GeekPlanetOnline’s resident telly addict, Gillian Coyle, likes to write about the box almost as much as she likes to watch it. From soap operas to space operas, if you need some thoughts on a television show she’s your woman…
I'm a Spoilerphobe. Mostly. In truth my spoiler allergy varies from show to show, and has changed over time. I used to avidly read the next week's worth of synopses for Neighbours on my EPG and in newspaper TV guides. I used to devour SFX magazine's Spoiler Zone to find out what was happening next on Buffy and other favourite shows.
These days however, I usually prefer to know as little as possible about an episode before it airs. In fact, I usually prefer to know as little as possible about a show before I watch it. My beloved, bless him, occasionally falls foul of my spoiler rules: he gets really enthusiastic when recommending something to me and can't help but tell me the best line, or the coolest thing that happens. His passion for the things he loves is one of the things I love best about him, but when it ruins my watching experience...
In these days of time-shifting and multi-channels and friends in different countries, it's an increasing problem. Some people don't give a fig about spoilers. They'll cheerfully get plot synopses from friends in the US, from online resources and so on, and it won't alter their enjoyment one jot. If anything, it seems to me, it increases their enjoyment. I guess it's like eating the cake mix from the bowl: you know it's not as good as the cake is going to be, but it's a sneaky treat before the main event.
Others, like me, prefer the anticipation. We like to wait until the cake has baked and cooled before we dive in. Unfortunately, that often means we have to avoid the internet like the plague. People are always flinging gobbets of batter all across Facebook, twitter and the like. Hmm. I think I'll drop that analogy.
The problem, as I hinted earlier, comes when recommending a programme to someone. How much should you tell them? As a spoilerphobe, can you risk spoiling somebody else's experience? Obviously, you want to say enough that they'll be interested in watching it, but you don't want to tell them so much that actually watching the programme becomes redundant.
Is telling them the basic premise, along with salient snippets like who created it, writes it, stars in it, enough? Sometimes. But other times, you'll need to say a little more. Maybe you can compare it to other shows, either thematically or tonally. Perhaps you need to enthuse about central performances, character development, dialogue or visual style. What if that isn't enough? Do you give it up as a bad job, or do you risk skirting spoiler territory?
I tend towards the first option. Maybe this has meant someone missing out on a show I think they would adore, but you have to let people make the decision for themselves. I tried recommending Being Human to my brother, but by the time I'd reached my instinctive spoiler cut-off point, he didn't seem up for it. Oh well. A couple of months later he asked me if I'd seen this show on BBC3 with a vampire, werewolf and ghost sharing a house? He found it on his own and loved it. I'm glad I didn't spoil it for him.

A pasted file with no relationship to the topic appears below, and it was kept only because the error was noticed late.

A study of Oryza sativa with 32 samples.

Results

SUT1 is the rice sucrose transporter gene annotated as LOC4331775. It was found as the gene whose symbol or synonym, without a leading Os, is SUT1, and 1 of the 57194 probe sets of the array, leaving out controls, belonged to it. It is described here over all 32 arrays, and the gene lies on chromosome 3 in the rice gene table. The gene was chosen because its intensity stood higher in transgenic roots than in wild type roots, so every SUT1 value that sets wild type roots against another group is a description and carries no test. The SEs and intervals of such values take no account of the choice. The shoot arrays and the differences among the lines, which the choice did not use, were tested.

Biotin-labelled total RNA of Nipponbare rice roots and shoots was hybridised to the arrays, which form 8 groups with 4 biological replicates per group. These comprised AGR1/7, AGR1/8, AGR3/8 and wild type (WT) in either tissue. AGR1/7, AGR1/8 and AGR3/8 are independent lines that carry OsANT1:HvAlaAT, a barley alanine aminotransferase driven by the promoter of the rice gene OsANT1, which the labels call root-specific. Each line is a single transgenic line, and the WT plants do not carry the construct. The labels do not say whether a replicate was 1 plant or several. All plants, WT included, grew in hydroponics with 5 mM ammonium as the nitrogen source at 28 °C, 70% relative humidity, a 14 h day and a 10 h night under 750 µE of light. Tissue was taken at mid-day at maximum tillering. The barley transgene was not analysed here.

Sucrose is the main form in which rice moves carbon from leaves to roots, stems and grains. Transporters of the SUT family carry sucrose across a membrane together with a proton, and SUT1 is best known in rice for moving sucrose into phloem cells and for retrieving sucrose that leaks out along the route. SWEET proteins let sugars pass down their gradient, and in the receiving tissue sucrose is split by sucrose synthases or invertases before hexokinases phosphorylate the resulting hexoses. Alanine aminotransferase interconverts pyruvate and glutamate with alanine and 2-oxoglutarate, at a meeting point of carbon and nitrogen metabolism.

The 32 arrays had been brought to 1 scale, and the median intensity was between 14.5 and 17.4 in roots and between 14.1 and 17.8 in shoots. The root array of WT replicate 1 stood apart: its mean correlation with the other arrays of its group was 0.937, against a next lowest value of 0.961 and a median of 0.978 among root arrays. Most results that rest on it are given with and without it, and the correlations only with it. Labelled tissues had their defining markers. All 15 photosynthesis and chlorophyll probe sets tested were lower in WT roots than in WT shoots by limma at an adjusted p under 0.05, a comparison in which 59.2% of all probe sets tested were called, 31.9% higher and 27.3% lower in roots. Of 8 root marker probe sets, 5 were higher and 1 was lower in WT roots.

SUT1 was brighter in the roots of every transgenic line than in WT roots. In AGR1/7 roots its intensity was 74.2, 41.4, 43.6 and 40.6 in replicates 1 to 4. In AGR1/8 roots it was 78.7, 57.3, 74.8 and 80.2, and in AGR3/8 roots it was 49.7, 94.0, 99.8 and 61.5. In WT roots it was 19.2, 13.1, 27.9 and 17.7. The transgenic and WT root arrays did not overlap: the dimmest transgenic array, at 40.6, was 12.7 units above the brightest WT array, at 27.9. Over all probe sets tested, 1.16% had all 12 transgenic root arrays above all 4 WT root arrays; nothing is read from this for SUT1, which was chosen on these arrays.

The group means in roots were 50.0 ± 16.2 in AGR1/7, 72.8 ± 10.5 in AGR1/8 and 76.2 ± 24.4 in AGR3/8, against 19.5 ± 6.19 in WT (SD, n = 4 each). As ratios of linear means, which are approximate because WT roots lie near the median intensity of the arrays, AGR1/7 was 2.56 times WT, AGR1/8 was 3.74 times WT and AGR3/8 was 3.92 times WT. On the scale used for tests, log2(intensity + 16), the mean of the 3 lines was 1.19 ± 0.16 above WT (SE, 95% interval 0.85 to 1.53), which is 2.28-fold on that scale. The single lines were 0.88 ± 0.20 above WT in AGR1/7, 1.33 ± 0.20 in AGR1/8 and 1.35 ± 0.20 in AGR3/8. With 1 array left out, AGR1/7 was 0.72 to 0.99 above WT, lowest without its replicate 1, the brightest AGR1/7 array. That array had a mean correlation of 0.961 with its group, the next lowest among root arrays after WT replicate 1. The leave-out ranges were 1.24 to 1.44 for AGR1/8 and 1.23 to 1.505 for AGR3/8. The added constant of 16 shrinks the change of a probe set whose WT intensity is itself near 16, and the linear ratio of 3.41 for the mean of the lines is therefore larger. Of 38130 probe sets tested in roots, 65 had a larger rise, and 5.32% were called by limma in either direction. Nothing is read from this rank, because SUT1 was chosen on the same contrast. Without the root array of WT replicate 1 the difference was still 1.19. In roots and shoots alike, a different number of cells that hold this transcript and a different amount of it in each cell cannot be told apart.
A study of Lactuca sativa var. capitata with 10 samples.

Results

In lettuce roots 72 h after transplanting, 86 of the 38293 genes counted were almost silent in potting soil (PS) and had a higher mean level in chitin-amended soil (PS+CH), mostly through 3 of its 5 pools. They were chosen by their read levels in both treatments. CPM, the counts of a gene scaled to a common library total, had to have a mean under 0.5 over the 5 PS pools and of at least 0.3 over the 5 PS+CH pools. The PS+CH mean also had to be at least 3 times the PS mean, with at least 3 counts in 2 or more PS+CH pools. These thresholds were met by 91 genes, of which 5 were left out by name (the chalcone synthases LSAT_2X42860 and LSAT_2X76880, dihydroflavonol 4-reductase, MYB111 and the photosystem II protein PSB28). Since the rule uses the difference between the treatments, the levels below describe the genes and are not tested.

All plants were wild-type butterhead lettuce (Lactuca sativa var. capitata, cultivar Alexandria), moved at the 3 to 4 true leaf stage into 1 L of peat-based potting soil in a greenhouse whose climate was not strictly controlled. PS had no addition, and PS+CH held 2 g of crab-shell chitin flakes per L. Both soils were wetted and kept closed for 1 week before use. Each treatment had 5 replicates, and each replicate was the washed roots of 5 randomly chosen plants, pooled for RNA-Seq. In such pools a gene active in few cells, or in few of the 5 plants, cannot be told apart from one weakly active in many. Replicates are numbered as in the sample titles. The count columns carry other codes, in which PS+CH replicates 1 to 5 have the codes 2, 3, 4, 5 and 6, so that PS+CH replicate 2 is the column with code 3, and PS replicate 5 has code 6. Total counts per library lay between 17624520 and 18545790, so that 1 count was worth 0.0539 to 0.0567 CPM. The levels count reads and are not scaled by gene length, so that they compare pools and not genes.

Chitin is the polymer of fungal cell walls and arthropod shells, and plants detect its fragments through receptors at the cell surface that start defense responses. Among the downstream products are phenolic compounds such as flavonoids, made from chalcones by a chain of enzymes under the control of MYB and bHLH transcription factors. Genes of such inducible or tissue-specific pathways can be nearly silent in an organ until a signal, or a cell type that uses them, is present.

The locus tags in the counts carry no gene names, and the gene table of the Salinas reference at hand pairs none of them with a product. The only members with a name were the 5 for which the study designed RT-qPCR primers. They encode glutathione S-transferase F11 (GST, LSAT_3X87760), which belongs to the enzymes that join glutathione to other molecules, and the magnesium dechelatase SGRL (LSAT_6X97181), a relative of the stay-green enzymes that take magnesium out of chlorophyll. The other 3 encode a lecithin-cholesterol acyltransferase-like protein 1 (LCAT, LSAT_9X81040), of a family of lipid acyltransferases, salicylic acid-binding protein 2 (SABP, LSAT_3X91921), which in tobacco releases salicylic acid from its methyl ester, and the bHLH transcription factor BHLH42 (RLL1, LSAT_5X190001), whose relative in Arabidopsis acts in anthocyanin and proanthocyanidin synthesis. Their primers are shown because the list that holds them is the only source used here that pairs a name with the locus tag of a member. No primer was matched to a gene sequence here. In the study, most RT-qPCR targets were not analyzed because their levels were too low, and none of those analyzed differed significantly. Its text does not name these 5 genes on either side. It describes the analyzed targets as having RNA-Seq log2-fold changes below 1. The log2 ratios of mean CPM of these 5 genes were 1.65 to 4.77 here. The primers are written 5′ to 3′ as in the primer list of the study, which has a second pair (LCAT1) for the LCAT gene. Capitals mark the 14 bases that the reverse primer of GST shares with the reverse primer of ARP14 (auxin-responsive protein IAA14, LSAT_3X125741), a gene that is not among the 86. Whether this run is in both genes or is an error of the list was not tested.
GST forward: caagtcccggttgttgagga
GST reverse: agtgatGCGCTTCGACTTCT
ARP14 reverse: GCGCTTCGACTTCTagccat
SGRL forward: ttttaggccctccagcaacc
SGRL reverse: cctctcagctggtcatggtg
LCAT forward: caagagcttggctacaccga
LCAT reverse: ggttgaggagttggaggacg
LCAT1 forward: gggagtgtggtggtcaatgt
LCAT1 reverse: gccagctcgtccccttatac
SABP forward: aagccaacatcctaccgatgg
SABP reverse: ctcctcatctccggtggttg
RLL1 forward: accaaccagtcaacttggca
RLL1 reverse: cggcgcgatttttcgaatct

There are other situations where spoiler-sensitivity becomes a hot potato. Picture the scene: I'm sitting in a garden on a warm summer evening with a group of my dearest friends. We all love Supernatural. I've finished watching season five. One couple are two episodes from the end of season five. Another person has just finished watching season four. The last two have just started season three. This is where managing to avoid spoiling someone becomes an art form! Which Ruby are they on? Do they know about Cas and the Angels?
In the scheme of things though, does it actually matter? Did knowing that Donna was going to come back ruin The End of Time? Would it have mattered if I had known that Sam Merlotte was a shape shifter? Did it lessen the experience to find out months in advance that Buffy slept with Satsu?*
Actually? Yes. Unlike Harry Burns, I'll never read the last page of a novel first. I want to enjoy the story as the creator intended it. I feel sorry for a lot of TV writers. Imagine crafting a character or story arc; carefully seeding clues and hints that will make perfect sense only after the big reveal. Then you turn on the internet or pick up a newspaper and some asshat has splashed it up in huge letters for everyone to see, and your hard work is being dismissed as obvious and prosaic. Wow. That's gotta hurt. I felt so bad for Stephen Moffat recently. I bet he was dead chuffed with sneaking Future Doctor from The Big Bang into Flesh and Stone. Of course, the internet had sussed it within half an hour of broadcast. Mind you, he's a Doctor Who fan himself. He probably expected it.
More importantly (since I'm human and essentially a selfish creature), I want to enjoy the story at my pace, not at the pace someone else decides I should enjoy it at. So please, consider this fair warning: you spoil me at your peril. I'll try my hardest not to spoil you either. See, I put a spoiler warning at the start of the article and everything.
*Yes, I know that's a comic book, not a TV show, but it's based on a TV show and it still rankles that people thought it okay to spoil that.